Work on your approach to help eliminate three-putts
by Ryan Gager
Do you often find yourself struggling with long putts over 25 feet? Lag putting can be a challenging aspect of the game, but with the right approach and expectations, you can significantly improve your putting performance and lower your scores. In this edition of Fix My Fault, GOLFTEC’s Patrick Nuber shares some valuable information on how to set realistic expectations for lag putting and incorporate short putts into your practice routine to help you eliminate those three-putts.
The 10 Percent Rule
One simple rule to follow when it comes to lag putting is to keep your putt within 10 percent of the putt’s original distance. That’s it! For example, if you have a 30-foot putt, your goal is just to get the ball within three feet of the hole. If it’s a 50-foot putt, your goal is to get it within five feet. This approach takes the pressure off trying to make those long putts and focuses on getting the ball in a manageable range for your next putt.
Why is this important? Well, it’s all about reducing the dreaded three-putts. By setting a realistic goal of getting the ball within 10 percent of the original distance, you increase your chances of two-putting and avoiding those costly three-putts that can quickly add strokes to your score.
So, how do you practice this? It’s actually quite simple. Grab 10 golf balls and head to a practice green with putts that are over 25 feet in distance, such as 30 feet or 50 feet. Hit those 10 putts and see how many times your first putt ends up within 10 percent of the original distance. If you can do it eight times or more out of 10, then you’re on the right track! Keep incorporating this practice into your routine, and you’ll see significant improvement in your lag-putting skills.
For more on How to Practice Putting, Kevin Weeks, Director of Instruction at Cog Hill Golf & Country Club takes us through how he trains on the greens.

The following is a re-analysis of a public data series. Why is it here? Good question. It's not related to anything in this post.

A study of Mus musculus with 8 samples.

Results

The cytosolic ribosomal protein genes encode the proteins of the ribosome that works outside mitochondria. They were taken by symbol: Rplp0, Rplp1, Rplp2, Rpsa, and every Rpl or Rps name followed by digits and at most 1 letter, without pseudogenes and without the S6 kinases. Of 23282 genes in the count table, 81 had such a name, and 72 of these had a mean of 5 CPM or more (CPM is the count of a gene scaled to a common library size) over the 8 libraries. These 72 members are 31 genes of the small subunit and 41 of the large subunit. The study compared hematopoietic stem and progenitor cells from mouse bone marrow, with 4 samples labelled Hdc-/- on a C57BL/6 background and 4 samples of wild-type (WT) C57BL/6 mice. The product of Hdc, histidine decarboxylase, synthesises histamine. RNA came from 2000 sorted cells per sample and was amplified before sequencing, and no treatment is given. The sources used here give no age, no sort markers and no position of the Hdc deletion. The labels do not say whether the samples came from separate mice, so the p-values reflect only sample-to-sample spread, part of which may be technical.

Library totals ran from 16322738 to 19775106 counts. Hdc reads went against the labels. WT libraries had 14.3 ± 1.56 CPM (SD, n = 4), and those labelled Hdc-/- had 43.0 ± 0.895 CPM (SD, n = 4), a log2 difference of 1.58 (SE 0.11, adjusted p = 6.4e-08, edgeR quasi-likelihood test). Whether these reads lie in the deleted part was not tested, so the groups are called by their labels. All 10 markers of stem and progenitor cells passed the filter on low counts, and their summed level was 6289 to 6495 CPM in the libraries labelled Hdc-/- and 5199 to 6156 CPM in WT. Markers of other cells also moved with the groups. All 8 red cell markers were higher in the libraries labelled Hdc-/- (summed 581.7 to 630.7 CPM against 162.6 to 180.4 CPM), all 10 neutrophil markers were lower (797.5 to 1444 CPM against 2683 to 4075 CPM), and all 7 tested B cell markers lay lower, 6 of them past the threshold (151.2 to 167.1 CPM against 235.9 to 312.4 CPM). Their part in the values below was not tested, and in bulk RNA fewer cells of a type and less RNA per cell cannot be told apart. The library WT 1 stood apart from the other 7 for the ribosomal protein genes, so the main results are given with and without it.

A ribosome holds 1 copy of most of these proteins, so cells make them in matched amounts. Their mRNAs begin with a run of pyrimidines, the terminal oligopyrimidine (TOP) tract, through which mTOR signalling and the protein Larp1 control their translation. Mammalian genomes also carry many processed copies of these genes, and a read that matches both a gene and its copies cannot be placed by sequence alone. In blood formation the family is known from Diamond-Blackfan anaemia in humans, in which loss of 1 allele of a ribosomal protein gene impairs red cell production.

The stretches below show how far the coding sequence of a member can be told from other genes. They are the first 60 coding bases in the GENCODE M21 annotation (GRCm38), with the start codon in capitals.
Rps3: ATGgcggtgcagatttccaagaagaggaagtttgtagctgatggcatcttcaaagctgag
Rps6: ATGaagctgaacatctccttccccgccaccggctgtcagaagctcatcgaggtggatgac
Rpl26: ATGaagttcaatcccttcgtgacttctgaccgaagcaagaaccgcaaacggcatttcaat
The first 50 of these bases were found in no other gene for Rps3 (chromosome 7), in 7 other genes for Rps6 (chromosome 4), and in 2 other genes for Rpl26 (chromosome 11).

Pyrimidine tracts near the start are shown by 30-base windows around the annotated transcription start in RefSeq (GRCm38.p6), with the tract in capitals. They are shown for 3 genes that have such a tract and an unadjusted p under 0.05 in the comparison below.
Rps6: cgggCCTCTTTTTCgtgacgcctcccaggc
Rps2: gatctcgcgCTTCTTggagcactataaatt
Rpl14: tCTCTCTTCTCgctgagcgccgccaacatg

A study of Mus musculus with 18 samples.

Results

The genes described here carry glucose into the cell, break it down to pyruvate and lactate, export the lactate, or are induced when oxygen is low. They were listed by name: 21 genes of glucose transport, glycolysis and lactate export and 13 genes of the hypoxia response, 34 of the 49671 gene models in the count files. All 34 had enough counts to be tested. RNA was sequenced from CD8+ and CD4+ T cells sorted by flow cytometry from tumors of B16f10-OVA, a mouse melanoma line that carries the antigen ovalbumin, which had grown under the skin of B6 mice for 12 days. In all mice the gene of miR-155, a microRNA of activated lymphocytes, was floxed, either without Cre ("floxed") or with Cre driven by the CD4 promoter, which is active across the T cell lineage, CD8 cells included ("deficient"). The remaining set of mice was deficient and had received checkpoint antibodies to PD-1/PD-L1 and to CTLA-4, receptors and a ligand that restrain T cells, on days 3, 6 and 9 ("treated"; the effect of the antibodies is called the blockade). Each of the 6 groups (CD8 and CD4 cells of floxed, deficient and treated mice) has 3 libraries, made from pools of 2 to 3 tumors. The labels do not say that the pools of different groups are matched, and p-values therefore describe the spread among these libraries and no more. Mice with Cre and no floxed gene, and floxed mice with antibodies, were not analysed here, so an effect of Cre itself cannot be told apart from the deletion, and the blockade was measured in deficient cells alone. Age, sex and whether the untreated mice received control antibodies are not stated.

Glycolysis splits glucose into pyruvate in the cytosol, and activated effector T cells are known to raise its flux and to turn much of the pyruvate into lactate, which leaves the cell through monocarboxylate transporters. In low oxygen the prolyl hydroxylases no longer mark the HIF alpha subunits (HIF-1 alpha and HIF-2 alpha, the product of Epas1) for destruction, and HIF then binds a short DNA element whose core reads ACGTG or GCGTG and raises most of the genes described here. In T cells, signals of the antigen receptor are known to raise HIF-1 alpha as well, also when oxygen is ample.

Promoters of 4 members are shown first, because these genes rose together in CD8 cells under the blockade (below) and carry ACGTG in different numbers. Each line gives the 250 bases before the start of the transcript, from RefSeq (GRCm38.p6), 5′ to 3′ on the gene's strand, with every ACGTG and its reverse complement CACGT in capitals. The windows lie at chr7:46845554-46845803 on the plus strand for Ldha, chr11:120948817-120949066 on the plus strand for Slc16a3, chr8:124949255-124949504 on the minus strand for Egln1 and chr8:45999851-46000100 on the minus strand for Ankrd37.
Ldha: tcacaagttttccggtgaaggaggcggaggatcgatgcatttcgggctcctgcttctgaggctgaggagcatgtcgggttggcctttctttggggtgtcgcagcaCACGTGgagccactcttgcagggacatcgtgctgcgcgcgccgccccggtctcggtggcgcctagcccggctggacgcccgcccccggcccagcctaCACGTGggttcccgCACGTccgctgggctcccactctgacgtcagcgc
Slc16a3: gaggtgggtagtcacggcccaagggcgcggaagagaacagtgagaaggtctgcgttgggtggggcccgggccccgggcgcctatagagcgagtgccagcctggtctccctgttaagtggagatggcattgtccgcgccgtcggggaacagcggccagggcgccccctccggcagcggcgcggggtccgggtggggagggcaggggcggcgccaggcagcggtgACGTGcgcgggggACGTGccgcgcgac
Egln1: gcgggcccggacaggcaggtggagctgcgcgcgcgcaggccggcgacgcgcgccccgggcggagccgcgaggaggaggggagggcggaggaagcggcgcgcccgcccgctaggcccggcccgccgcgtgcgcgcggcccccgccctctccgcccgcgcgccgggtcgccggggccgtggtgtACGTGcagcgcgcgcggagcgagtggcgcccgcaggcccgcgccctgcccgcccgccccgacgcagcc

But what about short putts, you ask? Putts that are within 15 feet are a bit different in terms of expectations. These are the putts that you should be looking to have a good chance at making, which can be a game-changer for your score. To adjust your expectations for short putts, you can still use the 10 percent rule. For example, if you have a 12-foot putt, your goal should be to get the ball to the hole, but still within 10 percent of that distance beyond it, which is about 12 inches or a foot from the hole. This gives you a better chance of making the putt or leaving yourself with a short and manageable second putt.
One common mistake to avoid on short putts is leaving the ball short of the hole. As demonstrated in the video, when you leave the ball short, you have zero chance of making the putt. So, focus on getting the ball to the hole, but still within 10 percent of the distance beyond it, to give yourself the best opportunity for success.
Remember, even if you miss the putt, if it ends up just past the hole within that 10 percent range, it’s still a good putt. You’re giving yourself a chance to make the next one and avoid a dreaded three-putt.
So, the next time you’re out on the putting green, keep these tips in mind to master your lag putting and short putting skills. And if you have any questions about putting or any other aspect of your golf game, be sure to find a GOLFTEC near you and get in contact with a local Coach.
Setting realistic expectations for lag putting and short putting is crucial for success on the greens. By following the 10 percent rule and focusing on getting the ball within that range, you’ll reduce the number of three-putts, lower your scores, and ultimately have a more satisfying and enjoyable round of golf.
Check out more putting tips and drills videos from GOLFTEC below, including an inside look at a GOLFTEC Putting Assessment and another approach to lag putting from a Tour player.